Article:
The study, from Epstein and a team at the American Institute for Behavioral Research and Technology (AIBRT), analyzed Google searches related to three highly competitive congressional races in Southern California. In all three races, the Democrat won — and Epstein’s research suggests that Google search bias may have tipped them over the edge.
The research follows a previous study conducted in 2016 which showed that biased Google results pushed votes to Hillary Clinton in the presidential election. Democrats and Google executives have disputed these findings.
Epstein says that in the days leading up to the 2018 midterms, he was able to preserve “more than 47,000 election-related searches on Google, Bing, and Yahoo, along with the nearly 400,000 web pages to which the search results linked.”
Analysis of this data showed a clear pro-Democrat bias in election-related Google search results as compared to competing search engines. Users performing Google searches related to the three congressional races the study focused on were significantly more likely to see pro-Democrat stories and links at the top of their results.
As Epstein’s previous studies have shown, this can have a huge impact on the decisions of undecided voters, who often assume that their search results are unbiased. Epstein has called this the Search Engine Manipulation Effect (SEME).
According to Epstein’s study, at least 35,455 undecided voters in the three districts may have been persuaded to vote for a Democrat candidate because of slanted Google search results. Considering that each vote gained by a Democrat is potentially a vote lost by a Republican, this means more than 70,910 votes may have been lost by Republicans in the three districts due to Google bias. In one of these districts, CA 45, the Democrat margin of victory was just over 12,000 votes.
The total Democrat win margin across all three districts was 71,337, meaning that bias Google searches could account for the vast majority of Democrat votes. Extrapolated to elections around the country, Epstein says that bias Google results could have influenced 4.6 million undecided voters to support Democrat candidates.
Moreover, Epstein’s findings are based on modest assumptions, such as the assumption that voters conduct one election-related search per week. According to Epstein, marketing research shows that people typically conduct 4-5 searches per day, not one per week. In other words, the true impact of biased search results could be much higher.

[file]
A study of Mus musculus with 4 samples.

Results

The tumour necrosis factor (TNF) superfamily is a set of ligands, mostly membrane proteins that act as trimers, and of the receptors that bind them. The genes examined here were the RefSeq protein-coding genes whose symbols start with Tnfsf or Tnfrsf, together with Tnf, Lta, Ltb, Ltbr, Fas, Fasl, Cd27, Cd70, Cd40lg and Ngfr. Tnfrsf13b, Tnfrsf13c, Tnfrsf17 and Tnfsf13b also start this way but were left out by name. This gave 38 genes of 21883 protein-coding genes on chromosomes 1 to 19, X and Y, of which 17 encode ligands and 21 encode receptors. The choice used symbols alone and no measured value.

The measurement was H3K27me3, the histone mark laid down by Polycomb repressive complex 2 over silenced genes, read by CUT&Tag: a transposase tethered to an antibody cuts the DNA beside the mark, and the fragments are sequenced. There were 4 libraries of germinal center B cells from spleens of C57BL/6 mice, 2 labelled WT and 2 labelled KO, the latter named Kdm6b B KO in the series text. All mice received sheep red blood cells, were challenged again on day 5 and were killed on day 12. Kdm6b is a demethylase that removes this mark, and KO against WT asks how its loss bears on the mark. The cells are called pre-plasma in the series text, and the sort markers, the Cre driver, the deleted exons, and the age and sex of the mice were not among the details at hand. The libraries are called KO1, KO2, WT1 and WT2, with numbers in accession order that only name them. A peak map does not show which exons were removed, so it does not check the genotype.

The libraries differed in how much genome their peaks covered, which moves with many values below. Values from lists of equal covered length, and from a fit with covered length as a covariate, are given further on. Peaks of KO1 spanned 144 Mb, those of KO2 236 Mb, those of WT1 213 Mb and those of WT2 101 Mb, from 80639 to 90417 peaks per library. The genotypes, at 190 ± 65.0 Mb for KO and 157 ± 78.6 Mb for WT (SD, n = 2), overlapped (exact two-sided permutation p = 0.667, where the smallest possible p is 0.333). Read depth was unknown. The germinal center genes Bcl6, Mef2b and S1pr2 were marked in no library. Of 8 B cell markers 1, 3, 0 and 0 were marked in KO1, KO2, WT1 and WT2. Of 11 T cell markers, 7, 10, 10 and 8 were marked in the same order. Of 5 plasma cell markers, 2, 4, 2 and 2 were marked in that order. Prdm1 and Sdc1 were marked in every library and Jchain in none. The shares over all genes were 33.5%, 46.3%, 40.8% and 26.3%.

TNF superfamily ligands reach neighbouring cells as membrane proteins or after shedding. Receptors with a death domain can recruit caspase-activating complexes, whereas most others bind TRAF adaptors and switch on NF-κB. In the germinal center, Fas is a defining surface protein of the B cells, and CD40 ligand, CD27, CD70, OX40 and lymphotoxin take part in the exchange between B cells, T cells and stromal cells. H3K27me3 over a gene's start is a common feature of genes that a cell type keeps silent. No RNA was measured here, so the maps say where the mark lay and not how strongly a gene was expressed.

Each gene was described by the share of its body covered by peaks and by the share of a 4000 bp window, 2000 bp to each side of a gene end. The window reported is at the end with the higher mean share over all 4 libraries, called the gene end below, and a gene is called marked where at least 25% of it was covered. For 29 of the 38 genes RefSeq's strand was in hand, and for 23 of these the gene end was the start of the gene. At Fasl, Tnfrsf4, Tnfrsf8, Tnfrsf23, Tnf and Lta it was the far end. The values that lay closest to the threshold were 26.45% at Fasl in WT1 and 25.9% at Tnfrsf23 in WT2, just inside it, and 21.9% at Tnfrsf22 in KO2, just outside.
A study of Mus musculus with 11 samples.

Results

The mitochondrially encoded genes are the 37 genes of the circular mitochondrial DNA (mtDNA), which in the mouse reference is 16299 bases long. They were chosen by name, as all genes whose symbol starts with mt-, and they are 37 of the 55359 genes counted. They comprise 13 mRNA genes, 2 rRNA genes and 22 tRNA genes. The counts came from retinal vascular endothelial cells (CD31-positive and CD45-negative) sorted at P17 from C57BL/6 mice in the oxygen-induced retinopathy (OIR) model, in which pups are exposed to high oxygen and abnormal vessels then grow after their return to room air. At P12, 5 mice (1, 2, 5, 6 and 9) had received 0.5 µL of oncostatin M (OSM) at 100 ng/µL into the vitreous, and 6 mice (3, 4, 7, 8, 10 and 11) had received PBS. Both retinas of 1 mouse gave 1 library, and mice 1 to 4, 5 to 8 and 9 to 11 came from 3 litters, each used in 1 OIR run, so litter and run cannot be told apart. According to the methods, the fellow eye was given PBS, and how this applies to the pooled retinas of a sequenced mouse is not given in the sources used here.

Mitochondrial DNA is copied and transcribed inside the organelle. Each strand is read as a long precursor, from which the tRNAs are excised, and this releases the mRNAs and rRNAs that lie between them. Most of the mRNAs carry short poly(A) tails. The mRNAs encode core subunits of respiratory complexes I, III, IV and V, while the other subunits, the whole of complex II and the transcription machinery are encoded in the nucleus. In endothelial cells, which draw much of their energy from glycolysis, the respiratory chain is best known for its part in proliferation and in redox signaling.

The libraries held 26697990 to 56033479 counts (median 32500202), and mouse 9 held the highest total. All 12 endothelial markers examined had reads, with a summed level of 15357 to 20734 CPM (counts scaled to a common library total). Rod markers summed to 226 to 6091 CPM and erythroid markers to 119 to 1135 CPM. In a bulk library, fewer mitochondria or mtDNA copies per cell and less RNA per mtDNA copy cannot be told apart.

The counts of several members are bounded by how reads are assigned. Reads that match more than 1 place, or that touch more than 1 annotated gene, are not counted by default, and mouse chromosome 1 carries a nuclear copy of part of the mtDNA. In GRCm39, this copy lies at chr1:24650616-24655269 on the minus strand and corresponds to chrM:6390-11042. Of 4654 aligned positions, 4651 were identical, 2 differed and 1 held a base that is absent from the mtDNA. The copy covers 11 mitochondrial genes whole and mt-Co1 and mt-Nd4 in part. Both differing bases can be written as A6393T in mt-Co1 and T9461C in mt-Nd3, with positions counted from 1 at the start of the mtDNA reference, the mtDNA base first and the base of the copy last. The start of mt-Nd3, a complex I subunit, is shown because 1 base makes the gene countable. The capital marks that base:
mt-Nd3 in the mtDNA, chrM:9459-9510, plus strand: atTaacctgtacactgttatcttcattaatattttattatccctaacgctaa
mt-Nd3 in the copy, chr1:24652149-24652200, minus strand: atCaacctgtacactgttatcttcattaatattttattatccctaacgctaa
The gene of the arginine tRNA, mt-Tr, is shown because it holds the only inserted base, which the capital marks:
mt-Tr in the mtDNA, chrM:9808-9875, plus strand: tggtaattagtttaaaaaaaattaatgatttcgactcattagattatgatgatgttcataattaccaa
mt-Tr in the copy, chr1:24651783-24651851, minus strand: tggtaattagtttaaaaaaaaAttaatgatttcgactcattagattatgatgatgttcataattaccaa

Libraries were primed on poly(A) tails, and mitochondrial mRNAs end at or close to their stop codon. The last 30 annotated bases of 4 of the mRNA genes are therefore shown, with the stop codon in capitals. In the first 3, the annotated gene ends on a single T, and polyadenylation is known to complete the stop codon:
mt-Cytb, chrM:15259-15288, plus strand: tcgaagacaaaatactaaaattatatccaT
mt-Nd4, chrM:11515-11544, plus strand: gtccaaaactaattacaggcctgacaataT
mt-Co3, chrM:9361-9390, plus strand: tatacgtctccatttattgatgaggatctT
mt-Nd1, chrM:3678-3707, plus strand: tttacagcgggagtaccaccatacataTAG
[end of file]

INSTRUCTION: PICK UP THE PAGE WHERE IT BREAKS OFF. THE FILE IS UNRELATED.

Epstein’s study may also understate the level of liberal bias in Google search results, due to its use of a 2017 study from Harvard’s Berkman Klein Center to rank sources by their bias. The study assigns conservative sources like Breitbart News a far higher bias rating than ostensibly centrist but in fact highly liberal sources like the New York Times. The study also gives online encyclopedia Wikipedia a non-liberal bias rating, despite the fact that its most controversial pages are typically hijacked by its cabal of left-wing editors to push partisan liberal narratives.
As the Los Angeles Times notes, Epstein is not a Republican and publicly supported Hillary Clinton in 2016. Nevertheless, Democrats and liberals continue to ignore or doubt his findings. House Judiciary Committee chairman Rep. Jerry Nadler (D-NY) has repeatedly called claims of big tech bias a “conspiracy theory,” as have other congressional Democrats. And left-wing academics interviewed by the Los Angeles Times also heaped doubt on Epstein’s work.
Dr. Robert Epstein is featured in the 2018 documentary The Creepy Line, which was produced by Breitbart News editor-at-large Peter Schweizer and explores the bias amongst the Masters of the Universe in Silicon Valley.
Breitbart News continues to expose left-wing bias at Google. Recent reports reveal that company managers have told employees that the tech giant must stop “fake news” because “that’s how Trump won,” that Google-owned YouTube adjusted its algorithms to push pro-life content off its top search results, and that the company’s own internal researchers describe the company’s changes in policy since 2016 as a “shift towards censorship.”